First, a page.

I saw my very first moose this week: an event I've been waiting for all my life. I've been in moose country often enough, and seen their tracks even down in the southern Berkshires where they are slowly but steadily expanding their range, but never before had my path crossed theirs. On Monday, riding in the backseat through Crawford Notch in New Hampshire's White Mountains, my eyes registered a looming form by the roadside that wonderously materialized into a cow moose and two calves calmly browsing in the heat of the evening.
The first thing that registered was not its impressive size - six feet at the shoulder - but the the deep dark color of the animal. Its coat was a rich mahogany brown and its face a lighter color, and I thought at first it might be a horse. Our driver did not even pause - a colleague for whom moose had lost their allure- but the two of us in the back stared in dawning amazement at this extraordinary creature and its rust colored little ones nearby. Twins are the norm for moose, born in May or June, and these two made me think more of bison calves because of their size and coloration than spindly-legged fawns.
There are at least 6,500 moose in New Hampshire. In pre-European settlement times they were more common here than white-tailed deer. They are heavy browsers and can consume course woody material in large quantities. They may play an important role in keeping some early successional wetlands open and dominated by grasses and sedges instead of shrubs and saplings. They find the sides of roads attractive for the road salts that accumulate there, and New Hampshire experiences as many as 200 moose vehicle collisions every year.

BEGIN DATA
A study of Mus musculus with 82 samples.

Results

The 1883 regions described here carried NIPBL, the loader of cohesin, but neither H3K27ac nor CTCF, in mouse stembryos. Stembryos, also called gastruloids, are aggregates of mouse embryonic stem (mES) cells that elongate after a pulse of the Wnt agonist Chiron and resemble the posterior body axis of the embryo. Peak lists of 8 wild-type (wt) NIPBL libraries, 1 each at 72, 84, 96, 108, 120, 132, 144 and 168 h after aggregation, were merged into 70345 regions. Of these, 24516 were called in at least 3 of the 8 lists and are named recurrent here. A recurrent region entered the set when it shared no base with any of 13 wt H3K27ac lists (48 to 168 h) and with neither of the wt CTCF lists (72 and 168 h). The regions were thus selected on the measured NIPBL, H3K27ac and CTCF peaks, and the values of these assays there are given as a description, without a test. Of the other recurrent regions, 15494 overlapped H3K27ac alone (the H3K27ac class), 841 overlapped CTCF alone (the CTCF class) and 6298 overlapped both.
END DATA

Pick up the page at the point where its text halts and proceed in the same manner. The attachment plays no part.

There were, I noticed, several cars parked opposite the moose as we drove passed, and someone with a camera was walking across the road to get a closer shot. Given that a cow moose is fully capable of killing wolves and grizzly bears in defense of her young, this was not a good choice, but we did not linger to see the outcome. I could have stayed and watched for hours but time and my colleague at the wheel waited for neither man nor moose, and they slipped by and vanished from view as we headed toward the crest of the notch.
While hiking down a logging road in British Columbia, I have seen grizzly bears swimming across an inlet of the sea. I have surprised a sleeping elephant -far too close to each other for our respective comforts - and seen it rise to an impossible height faster than I could have thought possible and flee in one direction while I retreated in the other. I have seen giraffes peering over the tops of Acacias as my old landrover rattled by. But on Monday in the White Mountains I saw a moose and her babies, and those few moments were as awesome and memorable as any of the exquisite glimpses and fleeting encounters I have had with some of the world's great creatures.